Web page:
The antibiotic drugs that used to kill sophisticated bugs and protect our body from serious diseases like TB or STDs are facing a deep crunch if talk about its market condition or its efficacy.
Serious diseases like gonorrhoea, a sexually transmitted disease, used to be easily treatable earlier but now it has developed superbug strains that are drug-resistant. Earlier, this STD was contracted by more than 100 million people a year, it’s now spreading around the planet unabatedly amid inefficiency of the antibiotics. Another serious disease Tuberculosis or TB shares similar tale.
Sally Davies, UK’s chief medical officer, calls the situation an “apocalyptic scenario” of a post-antibiotic era. While the World Health Organisation (WHO) calls for a drastic and an urgent step in this regard.
“We cannot contemplate failure. We have to find something that works for the world,” Davies said during an interview to a news agency in her office in London’s Whitehall.
“This is…not a science issue. This is an issue of markets and economics. A scientist would just get bogged down and not get it,” said Davies.
The condition is more worrisome as it’s no more limited to science, microbes and drugs but has become a global issue of economics and national security.
Tale Of Two Drugs
Witnessing poor returns in the recent decades, the drugmakers slashed investment in antibiotics. The drugmakers say they suffered huge losses from a class of low-priced medicines that are only used for short periods. Many of them have also turned resistant.
U.S. firm, Cubist Pharmaceuticals has an annual research budget for antibiotics of USD 400 million. According to the firm insiders, its bug-killing medicines are severely undervalued.
Johnson & Johnson last year won approval for the first TB drug Sirturo in 40 years. But analysts has predicted its low sales i.e. just USD 75 million this year.
According to drug making companies, it typically takes 15 years to develop a new drug, but the returns are witnessing a slump in the recent times.
World leaders respond to the crisis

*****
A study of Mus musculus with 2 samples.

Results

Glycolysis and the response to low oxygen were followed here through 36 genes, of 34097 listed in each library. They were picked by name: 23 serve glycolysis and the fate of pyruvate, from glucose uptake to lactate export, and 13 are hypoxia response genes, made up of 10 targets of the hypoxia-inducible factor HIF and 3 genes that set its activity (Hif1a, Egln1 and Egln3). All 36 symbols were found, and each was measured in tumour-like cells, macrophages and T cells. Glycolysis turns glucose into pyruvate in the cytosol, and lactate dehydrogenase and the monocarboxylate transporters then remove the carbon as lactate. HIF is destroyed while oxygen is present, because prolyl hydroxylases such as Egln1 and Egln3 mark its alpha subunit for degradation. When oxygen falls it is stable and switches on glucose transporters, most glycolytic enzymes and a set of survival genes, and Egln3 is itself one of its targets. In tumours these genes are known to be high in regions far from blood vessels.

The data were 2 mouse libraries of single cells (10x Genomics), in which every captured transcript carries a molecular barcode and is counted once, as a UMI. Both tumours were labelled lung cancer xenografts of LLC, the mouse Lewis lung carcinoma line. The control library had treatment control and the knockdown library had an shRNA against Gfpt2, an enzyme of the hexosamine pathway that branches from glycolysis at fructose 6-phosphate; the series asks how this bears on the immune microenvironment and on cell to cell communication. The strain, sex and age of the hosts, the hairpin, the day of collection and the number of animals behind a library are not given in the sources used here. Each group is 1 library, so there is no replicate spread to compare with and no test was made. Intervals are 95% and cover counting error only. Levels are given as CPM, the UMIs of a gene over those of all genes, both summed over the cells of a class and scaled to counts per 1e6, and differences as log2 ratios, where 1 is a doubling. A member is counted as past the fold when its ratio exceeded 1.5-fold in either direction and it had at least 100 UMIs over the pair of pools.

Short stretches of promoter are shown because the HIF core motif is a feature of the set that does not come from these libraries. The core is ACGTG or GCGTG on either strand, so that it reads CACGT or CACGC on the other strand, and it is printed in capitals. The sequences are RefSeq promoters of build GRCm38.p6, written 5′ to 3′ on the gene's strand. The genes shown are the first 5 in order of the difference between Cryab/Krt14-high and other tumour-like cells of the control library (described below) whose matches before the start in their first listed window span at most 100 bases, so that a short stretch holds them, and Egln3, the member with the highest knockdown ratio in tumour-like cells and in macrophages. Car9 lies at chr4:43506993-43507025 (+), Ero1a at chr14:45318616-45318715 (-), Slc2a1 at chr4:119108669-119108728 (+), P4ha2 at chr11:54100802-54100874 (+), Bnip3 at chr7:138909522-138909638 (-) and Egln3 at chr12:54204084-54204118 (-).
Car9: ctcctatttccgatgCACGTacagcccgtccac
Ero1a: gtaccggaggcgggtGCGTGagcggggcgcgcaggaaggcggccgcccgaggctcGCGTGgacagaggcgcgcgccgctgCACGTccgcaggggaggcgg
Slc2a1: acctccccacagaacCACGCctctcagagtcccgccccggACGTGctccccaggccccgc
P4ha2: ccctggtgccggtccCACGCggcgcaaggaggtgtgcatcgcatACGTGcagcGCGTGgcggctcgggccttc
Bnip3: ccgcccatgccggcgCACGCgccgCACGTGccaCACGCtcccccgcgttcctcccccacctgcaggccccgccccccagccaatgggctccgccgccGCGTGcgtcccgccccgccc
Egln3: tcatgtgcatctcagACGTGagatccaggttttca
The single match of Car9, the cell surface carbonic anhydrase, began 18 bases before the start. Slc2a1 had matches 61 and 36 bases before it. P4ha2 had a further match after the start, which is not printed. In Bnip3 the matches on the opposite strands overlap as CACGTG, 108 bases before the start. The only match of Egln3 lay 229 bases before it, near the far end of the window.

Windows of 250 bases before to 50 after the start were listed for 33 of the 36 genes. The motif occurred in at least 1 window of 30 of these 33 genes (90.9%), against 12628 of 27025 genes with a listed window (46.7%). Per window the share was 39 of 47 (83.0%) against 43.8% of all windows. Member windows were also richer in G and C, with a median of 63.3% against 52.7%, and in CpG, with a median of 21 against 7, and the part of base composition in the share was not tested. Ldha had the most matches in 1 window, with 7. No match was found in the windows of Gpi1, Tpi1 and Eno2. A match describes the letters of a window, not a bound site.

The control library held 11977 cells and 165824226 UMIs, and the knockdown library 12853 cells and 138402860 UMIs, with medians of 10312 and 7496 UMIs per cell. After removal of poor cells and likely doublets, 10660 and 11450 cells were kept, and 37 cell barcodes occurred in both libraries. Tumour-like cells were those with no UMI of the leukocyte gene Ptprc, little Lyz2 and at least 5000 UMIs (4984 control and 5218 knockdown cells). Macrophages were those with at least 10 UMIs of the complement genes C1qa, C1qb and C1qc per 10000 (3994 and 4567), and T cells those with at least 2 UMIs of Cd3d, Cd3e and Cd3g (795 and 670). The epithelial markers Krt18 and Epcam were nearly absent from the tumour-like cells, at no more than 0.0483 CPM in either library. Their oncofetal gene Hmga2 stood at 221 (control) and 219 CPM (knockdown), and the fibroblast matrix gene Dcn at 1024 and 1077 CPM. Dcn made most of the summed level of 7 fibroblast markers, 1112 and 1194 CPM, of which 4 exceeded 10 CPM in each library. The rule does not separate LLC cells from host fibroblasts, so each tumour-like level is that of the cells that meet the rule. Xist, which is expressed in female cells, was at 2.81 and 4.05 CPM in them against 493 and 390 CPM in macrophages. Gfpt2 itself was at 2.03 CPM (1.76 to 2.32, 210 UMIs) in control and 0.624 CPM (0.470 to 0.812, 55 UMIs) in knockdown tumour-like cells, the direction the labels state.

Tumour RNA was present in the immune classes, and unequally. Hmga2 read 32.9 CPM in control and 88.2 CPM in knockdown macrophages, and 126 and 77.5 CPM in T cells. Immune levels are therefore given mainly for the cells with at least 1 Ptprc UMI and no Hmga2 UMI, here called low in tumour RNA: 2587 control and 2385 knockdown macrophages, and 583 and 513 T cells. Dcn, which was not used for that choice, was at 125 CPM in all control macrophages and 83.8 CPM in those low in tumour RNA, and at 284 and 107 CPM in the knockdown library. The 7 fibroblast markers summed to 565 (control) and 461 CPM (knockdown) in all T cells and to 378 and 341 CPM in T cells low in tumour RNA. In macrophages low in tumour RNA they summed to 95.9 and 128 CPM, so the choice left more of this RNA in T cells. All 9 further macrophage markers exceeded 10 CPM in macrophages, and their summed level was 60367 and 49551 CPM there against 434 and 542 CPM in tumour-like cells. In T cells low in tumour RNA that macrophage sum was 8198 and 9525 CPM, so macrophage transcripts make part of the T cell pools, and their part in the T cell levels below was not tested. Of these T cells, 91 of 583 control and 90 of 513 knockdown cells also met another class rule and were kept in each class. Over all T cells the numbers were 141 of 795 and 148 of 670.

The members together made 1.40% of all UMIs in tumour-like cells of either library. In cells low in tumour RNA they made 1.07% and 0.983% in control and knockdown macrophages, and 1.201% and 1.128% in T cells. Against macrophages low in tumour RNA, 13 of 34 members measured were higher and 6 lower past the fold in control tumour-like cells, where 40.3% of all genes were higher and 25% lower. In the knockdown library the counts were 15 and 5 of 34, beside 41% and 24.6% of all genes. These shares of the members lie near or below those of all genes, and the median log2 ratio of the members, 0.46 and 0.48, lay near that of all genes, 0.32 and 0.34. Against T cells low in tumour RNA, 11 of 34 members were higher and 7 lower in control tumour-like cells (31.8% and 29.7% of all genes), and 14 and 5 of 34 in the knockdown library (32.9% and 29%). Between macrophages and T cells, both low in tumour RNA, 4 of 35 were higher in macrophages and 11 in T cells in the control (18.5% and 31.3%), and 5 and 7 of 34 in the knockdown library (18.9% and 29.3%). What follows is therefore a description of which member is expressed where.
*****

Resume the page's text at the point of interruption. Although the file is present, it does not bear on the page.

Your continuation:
The governments and health officials are, however, getting serious about trying to neutralize it. Last week British Prime Minister David Cameron launched a global review of the crisis. He also sought for specific support from U.S. President Barack Obama and German Chancellor Angela Merkel.
The British Prime Minister chose former Goldman Sachs chief economist Jim O’Neill to head the review.
The World Health Assembly in Geneva has passed a resolution in May this year, recognizing the pressing need for the world leaders to act in a bid to combat increasing resistance.
What experts say?
The academic and industry experts have a different approach altogether. They say the condition demands a new business model that rewards drug firms for developing new antibiotics even if they are rarely used.
Patrick Vallance, a former academic who now heads up GSK’s pharmaceuticals research, says the answer for this crisis is development of a system of advanced market commitments under which governments would agree to buy up new antibiotics for, say, a 10-year period.
Another solution may be the extension of patents for antibiotics. The antibiotics typically reach peak sales after 13 years on the market as compared to just six for other drugs.
The third solution to the problem may be offering additional market for so-called orphan drugs for rare diseases.
Last but not the least, state support for new drug research may serve as a best way to serve the crisis.